Who are you, and what are you doing here at Flasheye?
My name is Rohith Sarma, I’m currently finishing up my Master’s thesis on Machine Learning whilst working on our new classification system for our new AI/ML department!
We’ve started with classification, as the tracking was already implemented. My colleague Sebastian is just finishing up a rule-based classification for the objects that are being tracked. This is the very first step in our journey as our Machine Learning department is fairly new, but I’m super excited to explore the things we have in the pipeline!
Point cloud-based Machine Learning research is nowhere near as developed as image-based, so it's very fertile ground for new developments.
You and I are both relatively new to this country. I’m from the U.K., which isn’t so far from Sweden compared to where you came from. Can you share a little about how and why you ended up here in Luleå?
I’m actually from the South of India, very close to Sri Lanka, in fact. That’s where I did my bachelor’s degree in computer science before working for 3 years for Bosch as a software engineer. Of course, at a company of that scale, it was difficult to receive feedback for my work through its direct impact on society.
So I sought a place outside of my native country to study for a Master's degree in Machine Learning and ended up at KTH. Moving to Stockholm was actually my first time leaving India too! But I was very fortunate to have a diverse and welcoming student accommodation.
What cultural differences or similarities have you noticed professionally and in daily life between your home country and Sweden professionally?
I’d say, in the professional sense, India is more similar to the American model of working, where it’s a sort of non-stop hustle kind of thing. Sweden is the opposite of that, it’s so relaxed, and I love it. Even though Flasheye is a start-up, it feels like an established company with how quietly focused the atmosphere is. Start-ups can be quite hectic and stressful, but I’ve never felt that here.
The obvious cultural difference in daily life though would 100% be the food, though, of course! The Swedish cuisine of boiled potatoes and fermented fish is almost the direct opposite of the Indian cuisine which uses a lot of seasonings and aromas. Thankfully we have a couple of ethnic food stores where I can get the raw materials I need, like basmati rice and spices and things.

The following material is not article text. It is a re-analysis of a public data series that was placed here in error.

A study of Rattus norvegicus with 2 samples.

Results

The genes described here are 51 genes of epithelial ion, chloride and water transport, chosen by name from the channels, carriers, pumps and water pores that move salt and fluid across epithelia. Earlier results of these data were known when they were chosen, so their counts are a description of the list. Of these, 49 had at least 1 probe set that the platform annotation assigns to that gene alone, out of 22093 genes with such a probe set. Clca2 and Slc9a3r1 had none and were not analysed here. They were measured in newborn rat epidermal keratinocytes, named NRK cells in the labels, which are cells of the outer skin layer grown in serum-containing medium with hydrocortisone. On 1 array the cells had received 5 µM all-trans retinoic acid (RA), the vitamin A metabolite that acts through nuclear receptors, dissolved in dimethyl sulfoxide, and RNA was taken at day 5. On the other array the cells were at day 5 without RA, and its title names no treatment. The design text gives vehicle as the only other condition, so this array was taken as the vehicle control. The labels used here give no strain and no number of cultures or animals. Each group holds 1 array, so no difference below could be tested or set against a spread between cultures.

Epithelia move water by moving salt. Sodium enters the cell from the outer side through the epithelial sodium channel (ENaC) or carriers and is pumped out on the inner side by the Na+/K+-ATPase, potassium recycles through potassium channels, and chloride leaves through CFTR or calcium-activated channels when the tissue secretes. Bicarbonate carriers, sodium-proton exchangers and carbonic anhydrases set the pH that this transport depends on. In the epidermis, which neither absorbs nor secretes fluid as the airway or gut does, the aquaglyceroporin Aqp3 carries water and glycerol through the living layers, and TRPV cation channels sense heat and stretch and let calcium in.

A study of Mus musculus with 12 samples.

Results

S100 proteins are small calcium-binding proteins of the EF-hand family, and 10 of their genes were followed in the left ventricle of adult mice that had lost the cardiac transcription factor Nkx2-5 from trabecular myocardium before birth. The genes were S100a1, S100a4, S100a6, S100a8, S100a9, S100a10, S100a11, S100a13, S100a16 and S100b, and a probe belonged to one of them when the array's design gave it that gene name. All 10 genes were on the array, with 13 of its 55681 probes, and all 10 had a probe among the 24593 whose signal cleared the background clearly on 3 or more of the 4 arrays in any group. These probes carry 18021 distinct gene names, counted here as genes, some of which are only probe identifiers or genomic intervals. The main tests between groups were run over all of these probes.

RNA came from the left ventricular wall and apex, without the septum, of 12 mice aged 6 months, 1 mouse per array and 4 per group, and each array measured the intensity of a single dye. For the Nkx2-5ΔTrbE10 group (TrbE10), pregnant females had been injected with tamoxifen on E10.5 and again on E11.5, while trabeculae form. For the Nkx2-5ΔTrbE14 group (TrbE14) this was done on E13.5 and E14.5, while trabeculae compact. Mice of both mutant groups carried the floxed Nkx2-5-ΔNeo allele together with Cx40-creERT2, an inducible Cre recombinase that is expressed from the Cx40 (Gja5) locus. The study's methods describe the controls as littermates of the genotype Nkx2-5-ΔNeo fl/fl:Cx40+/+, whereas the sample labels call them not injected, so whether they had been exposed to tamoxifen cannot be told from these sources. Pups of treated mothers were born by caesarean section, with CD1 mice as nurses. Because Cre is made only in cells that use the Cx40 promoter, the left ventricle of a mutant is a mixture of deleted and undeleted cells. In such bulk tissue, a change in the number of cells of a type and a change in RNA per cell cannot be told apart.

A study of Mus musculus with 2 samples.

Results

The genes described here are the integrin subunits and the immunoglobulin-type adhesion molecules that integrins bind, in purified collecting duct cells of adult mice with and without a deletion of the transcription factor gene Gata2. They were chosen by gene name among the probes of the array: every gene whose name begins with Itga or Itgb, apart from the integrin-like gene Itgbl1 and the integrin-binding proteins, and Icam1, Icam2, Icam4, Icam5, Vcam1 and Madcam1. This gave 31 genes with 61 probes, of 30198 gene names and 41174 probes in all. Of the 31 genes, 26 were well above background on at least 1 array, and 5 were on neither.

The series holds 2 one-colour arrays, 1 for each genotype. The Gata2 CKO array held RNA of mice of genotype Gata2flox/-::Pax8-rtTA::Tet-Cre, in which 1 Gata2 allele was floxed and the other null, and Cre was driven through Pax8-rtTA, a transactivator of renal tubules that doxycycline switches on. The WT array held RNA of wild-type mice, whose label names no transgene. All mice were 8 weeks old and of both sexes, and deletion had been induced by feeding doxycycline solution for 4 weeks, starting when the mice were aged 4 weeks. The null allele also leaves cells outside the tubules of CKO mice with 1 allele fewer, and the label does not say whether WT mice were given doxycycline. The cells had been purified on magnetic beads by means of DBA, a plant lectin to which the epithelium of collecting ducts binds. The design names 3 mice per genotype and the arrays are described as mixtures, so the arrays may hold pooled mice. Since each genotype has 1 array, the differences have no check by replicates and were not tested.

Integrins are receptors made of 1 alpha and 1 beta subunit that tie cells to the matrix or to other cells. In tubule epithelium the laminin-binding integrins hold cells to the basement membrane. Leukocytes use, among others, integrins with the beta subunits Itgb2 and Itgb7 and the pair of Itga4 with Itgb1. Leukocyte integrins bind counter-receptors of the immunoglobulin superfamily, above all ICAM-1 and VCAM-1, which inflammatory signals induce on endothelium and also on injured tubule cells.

Have you encountered any particular language or communication challenges while working with colleagues from different cultural backgrounds?
Working here at Flasheye is quite similar to my experience at KTH in the sense that it’s pretty international here, also. We have English, Polish, Finnish and Asian people working in this small northern Swedish town which is pretty special. I haven’t been in Sweden for so long, so my Swedish isn’t great yet, but we’re speaking English here almost all the time, so it’s actually very comfortable.
I’m super thankful that everybody here is so easy to collaborate with and talk to. It’s not a stuffy office environment; we hear a fun conversation or a laugh or two every day here; it’s a blessing.
If you could share one thing about India and its culture that you wish people knew more about, what would it be?
I think we’ll have to go back to food again because I think there is a big misconception about what Indian food is. I’ve noticed a lot of restaurants outside of India serve almost exclusively Northern Indian food, your Chicken Tikka Masalas and Butter Chickens for example. In the South, where I’m from, there is a very different style of cooking. We use a lot of coconut and cook a lot with coconut oil for example so if one was to do a blind-tasting they would probably think Southern Indian food is actually Thai. In India, there isn’t even a word for curry!
So the idea of what “Indian food” is to a lot of people doesn’t show the whole picture. It’s actually a very diverse cuisine that reflects a very diverse country and people. As we said before, food is a cornerstone of culture!